The internet of power outages

The single most popular page on this web site is the power outage tracking map collection page. It has static copies of samples of power outage maps from utilities around the country, and it gets bunches of hits every single time there's bad weather - to the extent that I can pretty much tell where there's bad weather by the outbound clicks on the page.

The page, however, is not fed with live data; it only has static instances of previous maps. It in and of itself doesn't alert when there's trouble, and it doesn't let you know that the storm coming your way might be severe.

One of the challenges of automation in the utility outage map space is the diversity of vendors for power company outage maps and the utter lack of any standard interface. To dig out how many people have lost their power in 48104 under program control, you actually have to work at it, and to rely on undocumented interfaces that could change at any time. For all of the user-friendly efforts out there, there's a lot of systems that are hard to pull raw data from.

I've started a very tiny version of what I suspect could be a complete project, namely to automate the alerting when a few zip codes around me have outages. The code, written in Node-RED, runs periodically to poll the DTE Energy outage map site and to ask for outage data for a few specific zip codes. It then parses that data in a Javascript/node.js node which returns it to a switch that decides whether to alert (in my case, when there are more than 250 outages in any given monitored zipcode). Alerts go out via Twitter on the @vielmetti account and via SMS to me.

The monitoring task for the adjacent utility company, Consumers Energy, is a bit different. I haven't completed this effort yet, but again a poll of their site will pull a report which in this case has a list of counties and an outage count in each county. There's a few counties that I'm monitoring, and I'll figure out the threshold for alerts there.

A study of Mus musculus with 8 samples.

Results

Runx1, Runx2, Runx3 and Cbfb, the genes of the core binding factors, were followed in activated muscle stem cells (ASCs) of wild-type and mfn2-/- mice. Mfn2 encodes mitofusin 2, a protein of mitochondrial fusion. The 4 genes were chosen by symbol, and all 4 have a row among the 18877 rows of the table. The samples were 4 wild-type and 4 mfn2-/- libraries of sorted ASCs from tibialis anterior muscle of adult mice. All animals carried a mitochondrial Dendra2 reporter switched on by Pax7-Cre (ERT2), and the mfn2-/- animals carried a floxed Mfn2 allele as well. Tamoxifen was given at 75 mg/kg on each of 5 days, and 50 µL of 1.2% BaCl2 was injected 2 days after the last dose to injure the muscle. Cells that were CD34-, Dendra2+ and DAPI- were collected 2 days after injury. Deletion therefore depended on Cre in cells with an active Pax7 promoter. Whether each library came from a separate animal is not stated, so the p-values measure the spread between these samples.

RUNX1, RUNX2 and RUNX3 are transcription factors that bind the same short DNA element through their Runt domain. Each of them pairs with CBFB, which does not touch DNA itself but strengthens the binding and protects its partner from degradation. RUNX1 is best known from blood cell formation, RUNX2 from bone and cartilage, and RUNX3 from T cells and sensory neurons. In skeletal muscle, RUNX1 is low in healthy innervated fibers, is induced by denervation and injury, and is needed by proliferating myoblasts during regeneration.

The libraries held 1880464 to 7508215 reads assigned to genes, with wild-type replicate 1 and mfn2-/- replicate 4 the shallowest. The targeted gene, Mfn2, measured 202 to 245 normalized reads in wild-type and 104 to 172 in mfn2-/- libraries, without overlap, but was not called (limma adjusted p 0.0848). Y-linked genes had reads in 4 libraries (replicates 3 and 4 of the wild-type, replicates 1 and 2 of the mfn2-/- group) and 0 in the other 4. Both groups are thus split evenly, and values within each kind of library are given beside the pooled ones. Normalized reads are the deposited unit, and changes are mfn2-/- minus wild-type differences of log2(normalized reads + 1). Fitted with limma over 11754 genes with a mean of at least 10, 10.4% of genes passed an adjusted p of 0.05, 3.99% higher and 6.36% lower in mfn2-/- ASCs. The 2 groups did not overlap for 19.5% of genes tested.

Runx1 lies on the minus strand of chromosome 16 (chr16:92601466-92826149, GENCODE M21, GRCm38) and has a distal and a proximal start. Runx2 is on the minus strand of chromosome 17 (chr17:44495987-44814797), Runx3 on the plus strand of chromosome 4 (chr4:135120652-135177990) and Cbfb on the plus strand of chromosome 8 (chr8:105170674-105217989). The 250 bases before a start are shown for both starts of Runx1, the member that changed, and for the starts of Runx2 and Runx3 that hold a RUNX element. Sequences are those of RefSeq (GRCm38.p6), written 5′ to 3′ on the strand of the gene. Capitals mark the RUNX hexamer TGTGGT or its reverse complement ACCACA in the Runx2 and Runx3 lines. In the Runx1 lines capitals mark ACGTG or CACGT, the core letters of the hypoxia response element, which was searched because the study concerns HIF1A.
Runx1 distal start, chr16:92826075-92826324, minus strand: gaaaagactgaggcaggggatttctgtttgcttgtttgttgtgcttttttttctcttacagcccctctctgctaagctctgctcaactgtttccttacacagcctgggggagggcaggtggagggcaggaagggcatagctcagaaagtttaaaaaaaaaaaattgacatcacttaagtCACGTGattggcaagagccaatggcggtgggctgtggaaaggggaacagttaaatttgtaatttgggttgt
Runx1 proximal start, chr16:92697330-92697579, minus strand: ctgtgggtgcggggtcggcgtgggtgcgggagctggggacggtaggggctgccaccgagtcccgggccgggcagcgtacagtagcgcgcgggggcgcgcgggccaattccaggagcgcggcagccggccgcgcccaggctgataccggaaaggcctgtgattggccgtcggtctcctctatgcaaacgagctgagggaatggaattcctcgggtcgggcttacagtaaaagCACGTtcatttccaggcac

Node-RED is a nice programming environment for this, since it's flexible in many ways about how data gets into it and how and when alerts are done. I'm still sorting through the new "trigger" alert node in 0.8.0 which makes it possible to buffer up things so you don't get an overflow of messages all at once, and there's some subtle alarm-management logic that I want to get right so that this system can be used for real alerting and not just curiosity.

When Hurricane Sandy hit the east coast, there was a long delay between the time that power went out and when it was restored, and there was some innovation in outage tracking and holding public utilities accountable for restoration performance. Similarly, when a storm hit the East Lansing, MI area there were furious municipal power consumers outraged that their utility company didn't have an accurate tracking map.

I'm hoping that this starts to look like an architecture for outage tracking that can be refined over time, and I'd be super happy if utility companies started to post outage information in any reasonable easy to parse JSON or XML format files (really, it just has to be published, standards can occur as we get experience). I'll poll regularly enough to get some kind of timeline as to when the lights went out and how long it took for them to return.